What clerks are doing to ensure a safe midterm elections

Working under a microscope following the 2020 elections, local clerks are taking steps to prevent fraud and tampering in the upcoming November election.

sign that reads "vote here, city clerk" with an american flag

A voting sign advertises First Congregational Church as a place for people to cast their ballots on Tuesday, Aug. 2, in Detroit. Photo by Nate Pappas, WDET.

,

County clerks are the first line of defense for our democracy — ensuring that votes are counted accurately and are tasked with calling out foul play when it occurs. But since the 2020 election, they have been threatened and harassed for simply doing their jobs.

As a result, clerks have had to do more to recruit honest poll workers and earn the trust of the general public. All this is happening while bad actors who support baseless election conspiracies are trying to become poll workers or work in county clerk offices.


Related: CuriosiD: Are Detroit election officials prepared for another ‘stop the count’ protest?


In February of this year, Michigan’s county clerks wrote an open letter to state leaders requesting more support for their work. They asked for more transparency in allowing the public to see the pre- and post-voting process, as well as having more “functional structure” to promote early voting.

“There are so many elements of our process that are considered bipartisan. You have to have the two major political parties represented, and that’s a really important piece of this.” — Justin Roebuck, clerk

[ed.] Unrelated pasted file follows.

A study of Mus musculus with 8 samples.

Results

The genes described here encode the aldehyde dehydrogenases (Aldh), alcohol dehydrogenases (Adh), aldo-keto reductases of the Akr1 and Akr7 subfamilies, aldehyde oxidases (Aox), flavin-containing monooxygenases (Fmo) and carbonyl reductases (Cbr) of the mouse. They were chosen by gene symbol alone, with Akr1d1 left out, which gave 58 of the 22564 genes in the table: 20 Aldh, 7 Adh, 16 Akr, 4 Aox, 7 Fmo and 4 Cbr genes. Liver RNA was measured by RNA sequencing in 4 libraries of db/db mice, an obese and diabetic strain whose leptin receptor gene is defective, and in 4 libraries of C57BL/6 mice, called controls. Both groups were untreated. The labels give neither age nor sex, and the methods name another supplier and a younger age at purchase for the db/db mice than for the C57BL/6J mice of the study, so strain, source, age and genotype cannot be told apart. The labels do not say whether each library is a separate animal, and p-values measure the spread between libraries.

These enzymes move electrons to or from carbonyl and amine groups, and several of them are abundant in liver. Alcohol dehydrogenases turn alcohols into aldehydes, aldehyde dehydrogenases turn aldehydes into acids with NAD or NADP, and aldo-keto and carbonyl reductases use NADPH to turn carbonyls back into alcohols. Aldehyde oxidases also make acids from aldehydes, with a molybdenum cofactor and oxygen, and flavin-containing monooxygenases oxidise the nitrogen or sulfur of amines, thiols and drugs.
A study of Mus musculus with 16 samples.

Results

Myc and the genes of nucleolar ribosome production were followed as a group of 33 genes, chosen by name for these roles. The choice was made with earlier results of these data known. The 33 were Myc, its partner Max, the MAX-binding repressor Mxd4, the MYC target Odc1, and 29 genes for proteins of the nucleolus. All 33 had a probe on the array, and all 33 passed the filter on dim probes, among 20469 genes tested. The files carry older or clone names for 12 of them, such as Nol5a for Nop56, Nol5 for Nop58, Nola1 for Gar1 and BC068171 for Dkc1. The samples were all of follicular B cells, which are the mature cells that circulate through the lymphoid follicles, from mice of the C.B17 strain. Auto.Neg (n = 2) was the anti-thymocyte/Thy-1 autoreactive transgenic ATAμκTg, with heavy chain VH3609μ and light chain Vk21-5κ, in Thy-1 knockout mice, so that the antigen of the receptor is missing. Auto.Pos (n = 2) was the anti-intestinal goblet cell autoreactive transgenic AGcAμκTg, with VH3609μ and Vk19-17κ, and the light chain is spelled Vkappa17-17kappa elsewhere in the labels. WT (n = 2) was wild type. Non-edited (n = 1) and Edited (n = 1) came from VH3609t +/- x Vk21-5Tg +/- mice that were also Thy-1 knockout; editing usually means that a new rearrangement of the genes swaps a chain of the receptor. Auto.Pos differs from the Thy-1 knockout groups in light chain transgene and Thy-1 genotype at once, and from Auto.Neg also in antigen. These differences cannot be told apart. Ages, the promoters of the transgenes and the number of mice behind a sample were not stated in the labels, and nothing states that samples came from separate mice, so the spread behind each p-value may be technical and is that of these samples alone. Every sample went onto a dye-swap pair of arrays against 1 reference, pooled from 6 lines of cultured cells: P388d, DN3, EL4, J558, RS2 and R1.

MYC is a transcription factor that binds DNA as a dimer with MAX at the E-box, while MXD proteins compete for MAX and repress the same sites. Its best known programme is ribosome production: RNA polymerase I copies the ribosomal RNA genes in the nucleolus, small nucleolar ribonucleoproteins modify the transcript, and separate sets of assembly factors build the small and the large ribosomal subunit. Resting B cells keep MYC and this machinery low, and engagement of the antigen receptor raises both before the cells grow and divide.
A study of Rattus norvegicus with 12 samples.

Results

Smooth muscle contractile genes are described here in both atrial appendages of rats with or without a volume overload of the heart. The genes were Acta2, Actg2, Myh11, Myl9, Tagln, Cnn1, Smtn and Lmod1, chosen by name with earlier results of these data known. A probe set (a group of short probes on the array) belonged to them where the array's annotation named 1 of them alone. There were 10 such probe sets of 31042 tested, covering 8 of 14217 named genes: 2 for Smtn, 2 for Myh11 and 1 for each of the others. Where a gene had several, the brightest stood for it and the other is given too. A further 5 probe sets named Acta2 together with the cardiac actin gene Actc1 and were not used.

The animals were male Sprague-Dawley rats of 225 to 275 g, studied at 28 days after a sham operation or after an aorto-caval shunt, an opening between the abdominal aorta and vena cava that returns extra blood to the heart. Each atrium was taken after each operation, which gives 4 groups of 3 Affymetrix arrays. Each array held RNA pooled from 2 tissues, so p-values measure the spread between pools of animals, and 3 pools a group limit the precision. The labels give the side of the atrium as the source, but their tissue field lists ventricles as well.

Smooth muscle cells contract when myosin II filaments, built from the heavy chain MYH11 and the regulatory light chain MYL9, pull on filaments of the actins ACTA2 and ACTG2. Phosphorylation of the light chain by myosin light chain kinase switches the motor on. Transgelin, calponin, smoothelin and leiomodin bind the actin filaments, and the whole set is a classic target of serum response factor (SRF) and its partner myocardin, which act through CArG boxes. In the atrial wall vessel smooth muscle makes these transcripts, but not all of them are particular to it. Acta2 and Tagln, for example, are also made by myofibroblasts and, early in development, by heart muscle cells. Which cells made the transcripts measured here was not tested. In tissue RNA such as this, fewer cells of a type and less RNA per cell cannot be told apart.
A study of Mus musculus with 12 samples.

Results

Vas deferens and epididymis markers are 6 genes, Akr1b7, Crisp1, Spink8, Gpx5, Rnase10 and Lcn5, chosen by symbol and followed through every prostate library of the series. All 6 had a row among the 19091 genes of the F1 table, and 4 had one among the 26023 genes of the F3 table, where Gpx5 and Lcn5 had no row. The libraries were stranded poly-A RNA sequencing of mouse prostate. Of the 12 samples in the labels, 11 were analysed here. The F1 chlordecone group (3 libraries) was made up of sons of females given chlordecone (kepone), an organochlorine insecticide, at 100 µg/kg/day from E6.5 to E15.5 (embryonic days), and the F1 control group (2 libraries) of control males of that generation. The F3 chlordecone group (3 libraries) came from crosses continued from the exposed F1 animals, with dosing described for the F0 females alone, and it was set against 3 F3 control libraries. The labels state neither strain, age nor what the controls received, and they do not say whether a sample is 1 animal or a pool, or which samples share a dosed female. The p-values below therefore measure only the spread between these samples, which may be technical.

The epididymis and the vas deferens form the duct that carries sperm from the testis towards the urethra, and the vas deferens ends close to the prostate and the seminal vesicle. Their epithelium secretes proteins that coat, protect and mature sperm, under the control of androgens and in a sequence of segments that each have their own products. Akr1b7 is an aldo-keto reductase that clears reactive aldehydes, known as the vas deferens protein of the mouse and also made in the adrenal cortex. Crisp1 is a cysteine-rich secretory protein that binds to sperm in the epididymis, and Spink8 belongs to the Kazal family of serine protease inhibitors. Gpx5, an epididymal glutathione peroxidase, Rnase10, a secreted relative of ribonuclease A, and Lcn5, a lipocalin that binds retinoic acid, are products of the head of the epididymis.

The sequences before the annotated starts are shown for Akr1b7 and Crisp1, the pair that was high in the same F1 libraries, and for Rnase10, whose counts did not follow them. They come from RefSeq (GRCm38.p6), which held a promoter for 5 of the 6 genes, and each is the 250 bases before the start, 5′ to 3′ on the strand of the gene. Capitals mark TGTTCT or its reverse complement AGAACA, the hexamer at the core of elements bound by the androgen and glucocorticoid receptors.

Listen: What county clerks are expecting with midterms coming up.

 


Guest

Lisa Brown is a Democrat and the Oakland County clerk. She says the clerk’s office has shared possible felonies and misdemeanors with the public and local police officers.

“The one thing that we did different this year,” says Brown, “is we shared a list of misdemeanors and felonies that occur on election day — or that could occur on election day — like disrupting an election, doing something in a precinct, unplugging a tabulator.”

Justin Roebuck is a Republican and the Ottawa County clerk. He says that he hopes every voter feels safe, and part of that is having both parties represented in the process.

“There are so many elements of our process that are considered bipartisan,” says Roebuck. “You have to have the two major political parties represented, and that’s a really important piece of this.”

Trusted, accurate, up-to-date.

WDET strives to make our journalism accessible to everyone. As a public media institution, we maintain our journalistic integrity through independent support from readers like you. If you value WDET as your source of news, music and conversation, please make a gift today.

Donate today »

Authors

  • Detroit Today

    Dynamic and diverse voices. News, politics, community and the issues that define our region. Hosted by Pulitzer Prize-winning journalist Stephen Henderson, Detroit Today brings you fresh and perceptive views weekdays at 9 am and 7 pm.

  • Sam Corey

    Sam Corey is a producer for Detroit Today on 101.9 WDET, which includes finding and preparing interesting stories for radio. He enjoys salsa dancing — and actual salsa.